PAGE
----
As the two hour seminar followed through, I managed to get a good grasp on how the language worked. Below is a simple program I made in an hour.
To begin, I used the void setup to start the program with a background colour of green using the RGB values and setting the canvas size using the size function.
Using the draw method I was able create an ellipse shape, but it was important to call the fill function first as it needed a colour. As you can see in the ellipse brackets, there are four values, the first two are to do with the position of the shape; the last two is the scale of the shape. From doing a bit of research on the processing website (processing.org) I was able to make the ellipse follow the movement of the mouse using the mouseX and mouseY methods.
From there I created a new block of code, below the ellipse functions. In this new nest of code, I used the if boolean to call a function if the mouse position was between two integer values; if the values were between these two values with the mouse clicked then the program would clear the stage of the canvas, basically resetting the background colour and the drawings of the ellipse shapes from the mouse movements. I also used the mouseClicked function to change the background in the same nest of code if the values of the mouseX was less than 200.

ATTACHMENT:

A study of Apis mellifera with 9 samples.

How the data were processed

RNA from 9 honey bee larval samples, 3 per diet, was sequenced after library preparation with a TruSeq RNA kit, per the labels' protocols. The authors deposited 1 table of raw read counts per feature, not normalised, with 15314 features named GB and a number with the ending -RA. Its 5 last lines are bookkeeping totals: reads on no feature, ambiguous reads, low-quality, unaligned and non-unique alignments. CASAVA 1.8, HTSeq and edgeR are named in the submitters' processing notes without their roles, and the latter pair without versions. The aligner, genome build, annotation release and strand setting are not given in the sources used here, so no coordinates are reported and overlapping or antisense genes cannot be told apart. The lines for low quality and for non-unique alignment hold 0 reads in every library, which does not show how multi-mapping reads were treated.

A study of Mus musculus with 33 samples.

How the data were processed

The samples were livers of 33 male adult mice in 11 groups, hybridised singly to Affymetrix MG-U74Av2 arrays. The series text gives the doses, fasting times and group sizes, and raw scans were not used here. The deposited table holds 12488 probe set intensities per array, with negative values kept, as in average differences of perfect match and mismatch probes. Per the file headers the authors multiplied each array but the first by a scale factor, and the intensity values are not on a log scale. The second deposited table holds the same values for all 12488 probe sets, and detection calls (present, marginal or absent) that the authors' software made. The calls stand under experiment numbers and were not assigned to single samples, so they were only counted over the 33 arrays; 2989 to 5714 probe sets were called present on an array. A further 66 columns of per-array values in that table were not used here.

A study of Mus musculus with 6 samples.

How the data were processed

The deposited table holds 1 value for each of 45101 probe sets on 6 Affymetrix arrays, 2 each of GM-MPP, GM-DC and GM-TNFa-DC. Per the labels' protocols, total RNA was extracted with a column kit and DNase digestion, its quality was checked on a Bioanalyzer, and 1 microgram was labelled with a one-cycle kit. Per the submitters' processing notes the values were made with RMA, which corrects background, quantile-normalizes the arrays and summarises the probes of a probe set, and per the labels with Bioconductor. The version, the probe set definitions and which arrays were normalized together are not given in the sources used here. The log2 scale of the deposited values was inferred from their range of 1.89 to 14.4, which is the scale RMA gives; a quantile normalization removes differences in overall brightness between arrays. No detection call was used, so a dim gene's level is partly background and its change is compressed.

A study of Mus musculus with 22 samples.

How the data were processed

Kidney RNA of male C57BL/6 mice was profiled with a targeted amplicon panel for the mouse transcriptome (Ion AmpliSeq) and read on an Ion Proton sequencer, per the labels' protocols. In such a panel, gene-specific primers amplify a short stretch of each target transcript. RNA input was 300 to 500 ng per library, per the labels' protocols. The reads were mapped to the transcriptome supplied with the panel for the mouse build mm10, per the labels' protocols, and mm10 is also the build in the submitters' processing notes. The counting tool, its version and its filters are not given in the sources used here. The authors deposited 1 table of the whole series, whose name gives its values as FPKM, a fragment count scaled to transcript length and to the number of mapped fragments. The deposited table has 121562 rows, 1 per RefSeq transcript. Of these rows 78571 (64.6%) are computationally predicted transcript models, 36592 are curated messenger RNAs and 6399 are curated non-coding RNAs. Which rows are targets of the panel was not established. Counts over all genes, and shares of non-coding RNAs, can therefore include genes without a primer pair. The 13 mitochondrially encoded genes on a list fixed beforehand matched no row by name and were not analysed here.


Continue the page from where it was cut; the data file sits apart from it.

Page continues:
Using the void clearStage function, I then begun to write code that enabled me to print a line in the console of the IDE if the clearStage function was called in the programme. I also put a new background colour in the clearStage function if it was called allowing the programme to change colour if the function was called.
Above, is an example of how the programme looked when it was running in Java. As you can see, wherever the mouse moved the ellipse moved with it. The colour of the ellipse was the fill function called within the nest of the ellipse and so forth.